WASHINGTON — Senate Majority Leader Robert C. Byrd summed up the political world's reaction to word that Gary Hart was getting back into the Democratic presidential race today this way: "It's a crazy old world, isn't it?"
"We all woke up this morning with a surprise under the Christmas tree named Gary Hart," said former Arizona Gov. Bruce Babbitt, one of six announced candidates for the Democratic nomination. "He will either be a front-runner or a ghost of Christmas Past in a matter of days."
Rep. Richard A. Gephardt (D-Mo.), another candidate, said: "1987 has been a mighty strange year. But I believe when we get to the actual voting, people will make sensible choices, and 1988 will be a Democratic year."
"Sen. Gary Hart has every right to re-enter the race for President of the United States," said the Rev. Jesse Jackson, another rival for the nomination. "The American people will determine at the polls whether his re-entry was the right thing to do," Jackson said.
Simon 'Sensed a Void'
Sen. Paul Simon (D-Ill.), who leads in polls in Iowa, said: "I entered this race before Gary Hart withdrew. I decided to run because I sensed a void."
Democratic National Chairman Paul Kirk said that Hart did not speak with him about the decision and that he was "very surprised by it, to tell you the truth."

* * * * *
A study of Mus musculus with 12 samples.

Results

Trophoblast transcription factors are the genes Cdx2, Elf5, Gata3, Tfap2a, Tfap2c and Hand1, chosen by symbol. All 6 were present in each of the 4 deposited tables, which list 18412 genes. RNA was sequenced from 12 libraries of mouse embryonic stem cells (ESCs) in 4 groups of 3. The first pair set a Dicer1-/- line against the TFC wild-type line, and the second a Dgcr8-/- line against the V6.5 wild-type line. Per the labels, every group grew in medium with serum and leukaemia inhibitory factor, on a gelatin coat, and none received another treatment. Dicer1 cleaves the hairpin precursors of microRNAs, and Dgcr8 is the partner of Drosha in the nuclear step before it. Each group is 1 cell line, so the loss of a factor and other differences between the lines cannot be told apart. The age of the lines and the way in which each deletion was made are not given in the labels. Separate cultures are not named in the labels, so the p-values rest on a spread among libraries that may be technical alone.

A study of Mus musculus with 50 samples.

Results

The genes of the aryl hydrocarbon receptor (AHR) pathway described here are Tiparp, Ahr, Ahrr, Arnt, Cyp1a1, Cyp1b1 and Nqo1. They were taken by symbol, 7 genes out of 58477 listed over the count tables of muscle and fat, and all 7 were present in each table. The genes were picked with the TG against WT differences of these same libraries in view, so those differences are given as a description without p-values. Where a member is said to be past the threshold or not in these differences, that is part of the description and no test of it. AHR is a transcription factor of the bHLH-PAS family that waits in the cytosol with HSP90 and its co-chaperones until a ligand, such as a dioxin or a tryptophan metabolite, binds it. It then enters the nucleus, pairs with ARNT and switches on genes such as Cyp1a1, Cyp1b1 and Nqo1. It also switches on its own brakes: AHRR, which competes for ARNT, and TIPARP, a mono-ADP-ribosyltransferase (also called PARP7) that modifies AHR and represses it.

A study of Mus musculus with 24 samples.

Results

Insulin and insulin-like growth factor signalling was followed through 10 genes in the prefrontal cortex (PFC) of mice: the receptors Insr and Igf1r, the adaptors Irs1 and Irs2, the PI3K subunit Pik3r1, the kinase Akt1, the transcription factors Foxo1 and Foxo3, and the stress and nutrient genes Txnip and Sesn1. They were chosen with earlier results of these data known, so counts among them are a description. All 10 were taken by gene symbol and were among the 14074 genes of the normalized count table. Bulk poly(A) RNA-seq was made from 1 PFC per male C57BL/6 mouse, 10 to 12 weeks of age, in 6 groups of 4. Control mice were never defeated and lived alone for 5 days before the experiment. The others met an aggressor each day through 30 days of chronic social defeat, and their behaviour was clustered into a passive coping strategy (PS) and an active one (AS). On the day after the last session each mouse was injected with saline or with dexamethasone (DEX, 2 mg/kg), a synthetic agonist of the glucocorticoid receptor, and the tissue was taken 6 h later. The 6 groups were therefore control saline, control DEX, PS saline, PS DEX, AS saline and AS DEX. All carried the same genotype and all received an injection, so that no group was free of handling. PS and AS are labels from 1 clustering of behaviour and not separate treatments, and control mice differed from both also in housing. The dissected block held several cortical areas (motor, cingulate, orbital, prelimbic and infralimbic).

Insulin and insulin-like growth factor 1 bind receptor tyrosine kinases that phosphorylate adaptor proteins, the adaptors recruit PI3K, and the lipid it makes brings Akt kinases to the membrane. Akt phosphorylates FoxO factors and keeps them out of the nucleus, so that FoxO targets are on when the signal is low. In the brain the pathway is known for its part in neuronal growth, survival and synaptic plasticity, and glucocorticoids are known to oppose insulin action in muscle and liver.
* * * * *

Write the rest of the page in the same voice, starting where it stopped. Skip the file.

"I had said initially after the story of his withdrawal from the race that I thought he did the right thing," Kirk said. "And I haven't heard from him yet in terms of the reasons for getting back in. . . . "
Michigan Gov. James J. Blanchard, head of the Democratic governors, said: "Nothing would surprise me in this election. I don't know what to say."
Hart's former campaign manager, Bill Dixon, said in Madison, Wis., that Hart and his family are aware the move will spark ridicule and rekindle unpleasant stories. "It's just a tremendous act of personal courage," he said.
'Takes a Lot of Courage'
Hart supporters and opponents alike agreed that his decision is likely to trigger a new round of attention to Hart's personal life. Disclosure of Hart's relationship with Florida model Donna Rice came after Hart had long been dogged by rumors of "womanizing."
"If he can endure what we all anticipate he will have to endure, then it takes a lot of courage on his part," said Dawn Alexander, former deputy press secretary of Hart's campaign.
"The criticism he's withstood couldn't possibly get worse. Even Johnny Carson and David Letterman must be through with him by now," she said.
Pat Mitchell, who worked in Iowa for Hart in 1984 and earlier this year before joining Illinois Sen. Paul Simon's campaign when Hart dropped out, said: "It's too bad. It's not good for the process and it's not good for him. I think it's horribly self-indulgent."